The Lion’s Roar: What was your childhood like?

Jason Hayes: I was fortunate to grow up in a subdivision that had 15 to 20 kids around the same age group, so we played all the sports growing up and tennis is the one that just intrigued me the most. Fortunately, I had a bunch of people to play it with.


TLR: Why are you so intrigued by the game of tennis? What do you love about it?

JH: I love the one-on-one aspect of the game, there’s just something about that level of competition that separates it from team sports. 


TLR: Did you know when you graduated from Cumberland in 1996, where you earned a Bachelor of Science Degree in Physical Education, that you wanted to be a tennis coach?

JH: Absolutely, I was really fortunate to have the opportunity to follow my dream. I think it’s important to find something that makes you happy and then to pursue it as a career because you don’t want to be miserable every day when you wake up. 


TLR: What is your method of recruiting players?

JH: I tell every recruit that I’ll always be 100% honest with them even if it hurts our chances of getting them. I also believe in selling what we have to offer because Southeastern is a great university in a fantastic area that is supported by the community. This is a really special place and I think it’s important for the recruits to see Southeastern because once you visit our campus, you want to pursue your degree here.  


TLR: What was your experience like coaching in Europe in 1988? 

JH: It was a fantastic experience to get paid to travel through Europe to get to see London, Paris and Rome. It was a great summer and I got paid. 


TLR: What’s the hardest obstacle you’ve had to overcome?

JH: It may seem odd, but my size is my biggest obstacle. Most people don’t think of a tennis coach being 6’6 and 300 pounds, so I’ve had to fight that obstacle.  


TLR: Why did you decide to begin coaching at Southeastern? How did this come about?

JH: I was very fortunate to have the opportunity to coach at Southeastern, I’ve had opportunities to leave, some for more money, but I love it here.  I just couldn’t imagine coaching anywhere else, it’s such a great place to work.


TLR: How have you felt about the current season so far?

JH: I’m extremely happy with how the season is progressing. We had some good wins, we’ve had some tough losses, but the girls are so focused and committed to what we’re doing, it makes my job very easy.  I think we’re going to be very successful, now I don’t know if that means a championship or not, but I know that when you have a team that is this self-motivated, you can only have success.


TLR: What do you feel has been the key to your success as a coach?

JH: It starts with the players. I’m not always the easiest person to play for, but they know that I care a great deal about them and want them to be successful and not just on the tennis court.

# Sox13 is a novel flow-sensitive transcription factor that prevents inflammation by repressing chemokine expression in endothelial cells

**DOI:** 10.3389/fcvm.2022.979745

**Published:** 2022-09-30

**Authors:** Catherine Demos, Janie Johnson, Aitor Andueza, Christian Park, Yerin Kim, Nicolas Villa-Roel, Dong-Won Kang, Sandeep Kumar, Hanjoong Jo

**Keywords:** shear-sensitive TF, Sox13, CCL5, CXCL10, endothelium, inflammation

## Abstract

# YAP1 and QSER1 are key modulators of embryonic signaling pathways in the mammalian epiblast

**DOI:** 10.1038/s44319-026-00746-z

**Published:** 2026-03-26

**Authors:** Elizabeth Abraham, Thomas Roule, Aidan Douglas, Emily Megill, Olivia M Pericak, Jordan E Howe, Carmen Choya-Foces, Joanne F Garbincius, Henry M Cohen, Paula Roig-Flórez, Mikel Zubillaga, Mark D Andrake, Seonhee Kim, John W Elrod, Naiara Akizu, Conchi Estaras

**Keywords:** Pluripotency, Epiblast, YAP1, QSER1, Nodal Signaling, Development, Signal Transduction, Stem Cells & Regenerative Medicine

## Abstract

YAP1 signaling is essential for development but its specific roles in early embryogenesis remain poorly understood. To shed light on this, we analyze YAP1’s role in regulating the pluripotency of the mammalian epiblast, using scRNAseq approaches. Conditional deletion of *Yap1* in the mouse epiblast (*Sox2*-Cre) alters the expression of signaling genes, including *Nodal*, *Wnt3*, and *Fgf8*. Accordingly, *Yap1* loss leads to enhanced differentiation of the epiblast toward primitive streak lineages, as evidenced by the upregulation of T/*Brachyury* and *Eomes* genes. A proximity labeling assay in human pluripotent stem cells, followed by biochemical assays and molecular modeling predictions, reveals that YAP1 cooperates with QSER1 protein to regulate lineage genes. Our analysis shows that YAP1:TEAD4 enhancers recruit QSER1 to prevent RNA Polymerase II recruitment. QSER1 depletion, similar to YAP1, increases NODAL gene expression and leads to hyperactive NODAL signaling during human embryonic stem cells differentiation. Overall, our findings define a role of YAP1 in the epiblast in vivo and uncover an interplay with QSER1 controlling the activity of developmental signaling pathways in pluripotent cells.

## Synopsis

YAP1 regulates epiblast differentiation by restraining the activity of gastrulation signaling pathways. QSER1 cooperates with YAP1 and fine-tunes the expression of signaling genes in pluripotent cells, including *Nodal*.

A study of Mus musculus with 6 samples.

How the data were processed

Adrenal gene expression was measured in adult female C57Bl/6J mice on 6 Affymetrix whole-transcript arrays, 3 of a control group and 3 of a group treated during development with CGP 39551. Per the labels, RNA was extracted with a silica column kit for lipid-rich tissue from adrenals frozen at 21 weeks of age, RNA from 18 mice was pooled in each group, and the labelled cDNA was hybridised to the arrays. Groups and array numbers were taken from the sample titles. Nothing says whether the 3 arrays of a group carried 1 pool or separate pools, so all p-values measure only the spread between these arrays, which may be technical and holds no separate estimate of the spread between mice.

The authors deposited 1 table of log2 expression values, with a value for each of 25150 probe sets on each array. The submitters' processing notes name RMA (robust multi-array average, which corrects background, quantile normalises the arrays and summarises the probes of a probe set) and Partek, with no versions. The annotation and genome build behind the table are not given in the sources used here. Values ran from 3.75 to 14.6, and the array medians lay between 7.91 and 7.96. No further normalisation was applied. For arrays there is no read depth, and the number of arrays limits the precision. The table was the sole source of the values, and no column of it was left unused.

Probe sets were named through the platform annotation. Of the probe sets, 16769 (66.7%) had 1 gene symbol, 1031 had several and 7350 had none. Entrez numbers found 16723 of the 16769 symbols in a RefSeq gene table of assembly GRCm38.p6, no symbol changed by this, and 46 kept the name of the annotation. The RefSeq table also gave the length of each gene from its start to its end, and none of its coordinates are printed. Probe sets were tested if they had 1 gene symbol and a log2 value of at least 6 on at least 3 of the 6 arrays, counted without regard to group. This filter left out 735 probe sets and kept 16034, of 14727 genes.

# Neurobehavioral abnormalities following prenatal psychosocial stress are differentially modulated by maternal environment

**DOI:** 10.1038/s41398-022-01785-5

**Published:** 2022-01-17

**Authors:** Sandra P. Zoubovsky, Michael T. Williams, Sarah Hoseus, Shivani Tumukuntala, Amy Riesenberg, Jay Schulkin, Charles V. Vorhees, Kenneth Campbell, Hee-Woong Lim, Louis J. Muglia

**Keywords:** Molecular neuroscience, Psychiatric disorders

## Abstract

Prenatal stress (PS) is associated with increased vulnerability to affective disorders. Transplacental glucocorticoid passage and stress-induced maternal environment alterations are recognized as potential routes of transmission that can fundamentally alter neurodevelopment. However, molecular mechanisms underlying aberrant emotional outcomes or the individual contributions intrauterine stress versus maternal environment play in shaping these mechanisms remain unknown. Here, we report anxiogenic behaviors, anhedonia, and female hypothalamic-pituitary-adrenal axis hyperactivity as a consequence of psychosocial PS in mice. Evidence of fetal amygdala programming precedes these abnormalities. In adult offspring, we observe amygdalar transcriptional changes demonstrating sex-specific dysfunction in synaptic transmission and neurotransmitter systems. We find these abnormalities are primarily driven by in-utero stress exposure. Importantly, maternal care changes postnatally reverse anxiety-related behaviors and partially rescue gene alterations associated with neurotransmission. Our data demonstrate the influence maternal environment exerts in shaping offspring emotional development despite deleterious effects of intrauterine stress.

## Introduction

I want this to be a great experience for them and we have a saying that ‘when it’s time to work, we will work and when it’s time to have fun, we will have fun.’ You have to remember to smile and laugh every day. 


TLR: What sports are you skilled in and/or have a passion for?

JH: I would say my three favorite sports are football, tennis and golf.


TLR: What other interests do you have besides sports?

JH: Movies are probably my biggest interest outside of sports. I enjoy anything with a good story and great acting.


TLR: How have your experiences varied coaching men’s and women’s teams? How were they similar?

JH: When we had both programs you had to treat both of them differently, although I was the same, I do miss parts of men’s tennis, but I do think that my coaching skills are better suited for women’s tennis. 


TLR: What has been the best day of your career as a coach?

JH: There are too many to mention, but if I must pick one, I would say when Emilija Arnaudovska qualified for the individual championships in 2007 and we got to go to the final site in Athens, Georgia.  Just to be in that environment and get to share it with a few players was memorable. 


TLR: Have you had a worst day of your career as a coach?

JH: The worst day was in 2009 when two of my players, one former and one on the 2007 roster were involved in a drunk driver hit and run.  That was a very bad time for a lot of people, but I’m so grateful that both of the girls survived and have gone on to live a normal and healthy life. 


TLR: Do you have any regrets in your life? If not, is there a great lesson that you’ve learned from a mistake?

JH: Zero regrets, I am so fortunate to do something that I love for a living and I look forward to each and every day and am so proud to represent Southeastern.